Every time my husband, Adi, and I come back home with our strolleys, open the door and lay our eyes on the pub signs hanging off the walls of our short entrance corridor, the heart sighs. Almost audibly. That wonderful feeling of letting go, ah. I throw myself on the sheepskin fur sitting on our couch and flop back with happiness. Then I just look around and let the eyes wander, for ‘the eye has to travel’ as fashion editor Diana Vreeland put it.
There is much for the eye to take in, in our apartment. For our home decor is at the other spectrum of minimalism. Would I care for a fridge bare of all the magnets that stick on them right now along with a few quotes and to-do lists? Nah. I like the chaos on our walls and fridge. Warmth pervades the walls of our home through the very many metal tin signs which we have accumulated on our various travels.
There is a woman from the rental agency who comes once in a few months to do a check on the apartment on behalf of the landlord, and every time she enters, she says with this note of awe, “I love the way you have done the space up”. But I can see that she struggles to take it all in at one go. This time she took a peek at our wall that is dedicated to travel. The wall in our bedroom has tin signs from places that we have been to. Yes, we put up magnets and tin signs from places that we have actually been to.
That small yellow tram takes me back to Lisbon as does the yellow bird atop a branch that I bagged in a small boutique there for a deal. I remember the hot day on which I walked through alleys in Lisbon before I laid my hands on these cutesy memoirs. The miniature house fronts from Copenhagen, Prague and Bruges take me back to moments of dithering in shops till Adi would roll his eyes and say ‘Decide already’, the bunch of red chillies in ceramic sits smiling at me from the kitchen walls and reminds me of our summer jaunt in the Amalfi Coast. Then there is the louche frame of a man in a hat lighting his smoke off the glowing tip of his woman’s cigarette – which we picked up in a flea market in Brussels on a very grey, cold weekend. The old wall art of silhouettes, a woman in a 16th century gown sitting in her swing and a rakish figure of a man paying his address to her, travelled back home with us from a small town in Seattle.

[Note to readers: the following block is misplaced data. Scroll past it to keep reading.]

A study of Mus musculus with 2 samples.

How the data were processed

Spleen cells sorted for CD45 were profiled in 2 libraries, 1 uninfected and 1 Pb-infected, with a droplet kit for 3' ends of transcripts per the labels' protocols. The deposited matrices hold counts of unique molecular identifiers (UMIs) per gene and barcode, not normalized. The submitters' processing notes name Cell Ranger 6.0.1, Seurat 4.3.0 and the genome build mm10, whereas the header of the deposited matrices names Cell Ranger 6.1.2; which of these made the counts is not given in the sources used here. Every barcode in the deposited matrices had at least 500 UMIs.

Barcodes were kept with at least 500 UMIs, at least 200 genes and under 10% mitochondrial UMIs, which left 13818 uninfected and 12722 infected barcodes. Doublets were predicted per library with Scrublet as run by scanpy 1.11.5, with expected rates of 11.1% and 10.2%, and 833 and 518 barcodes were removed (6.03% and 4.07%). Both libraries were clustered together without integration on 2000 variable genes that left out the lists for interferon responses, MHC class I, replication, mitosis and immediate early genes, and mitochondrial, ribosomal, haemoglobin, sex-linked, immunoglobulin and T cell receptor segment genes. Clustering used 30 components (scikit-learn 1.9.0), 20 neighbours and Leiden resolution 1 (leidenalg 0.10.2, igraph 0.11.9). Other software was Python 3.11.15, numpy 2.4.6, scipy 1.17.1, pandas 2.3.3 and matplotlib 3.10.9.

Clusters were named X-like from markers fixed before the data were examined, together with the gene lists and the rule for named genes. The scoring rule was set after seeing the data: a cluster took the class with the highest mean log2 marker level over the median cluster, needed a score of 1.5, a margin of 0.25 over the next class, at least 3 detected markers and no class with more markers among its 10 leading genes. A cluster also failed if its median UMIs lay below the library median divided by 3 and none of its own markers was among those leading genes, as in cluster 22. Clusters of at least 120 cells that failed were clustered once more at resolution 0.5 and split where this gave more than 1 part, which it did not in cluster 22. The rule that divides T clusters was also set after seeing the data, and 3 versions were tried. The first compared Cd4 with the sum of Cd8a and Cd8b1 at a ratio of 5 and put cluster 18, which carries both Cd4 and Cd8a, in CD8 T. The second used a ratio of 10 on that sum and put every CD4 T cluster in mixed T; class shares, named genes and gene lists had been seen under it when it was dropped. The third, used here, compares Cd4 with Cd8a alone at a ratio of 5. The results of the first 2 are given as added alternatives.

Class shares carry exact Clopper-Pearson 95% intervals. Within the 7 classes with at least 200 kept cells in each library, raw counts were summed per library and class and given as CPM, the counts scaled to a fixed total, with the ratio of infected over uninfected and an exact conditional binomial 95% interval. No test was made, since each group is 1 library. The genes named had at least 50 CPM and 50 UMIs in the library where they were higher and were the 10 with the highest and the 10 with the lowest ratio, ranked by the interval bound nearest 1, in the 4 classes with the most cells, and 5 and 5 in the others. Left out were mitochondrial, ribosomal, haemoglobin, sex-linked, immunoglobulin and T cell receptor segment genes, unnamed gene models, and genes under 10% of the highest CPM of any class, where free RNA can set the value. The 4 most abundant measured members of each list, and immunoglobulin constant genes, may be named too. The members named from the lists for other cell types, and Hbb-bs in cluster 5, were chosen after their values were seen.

Who cares about minimalism? Not me. Do you?
There are so many more. The apartment is heaving with these memories that we have made, and along with it, the reminder each time that there is nothing as soul-stirring as travel. D.H.Lawrence put it so, “When we get out of the glass bottle of our ego and when we escape like the squirrels in the cage of our personality and get into the forest again, we shall shiver with cold and fright. But things will happen to us so that we don’t know ourselves. Cool, unlying life will rush in.”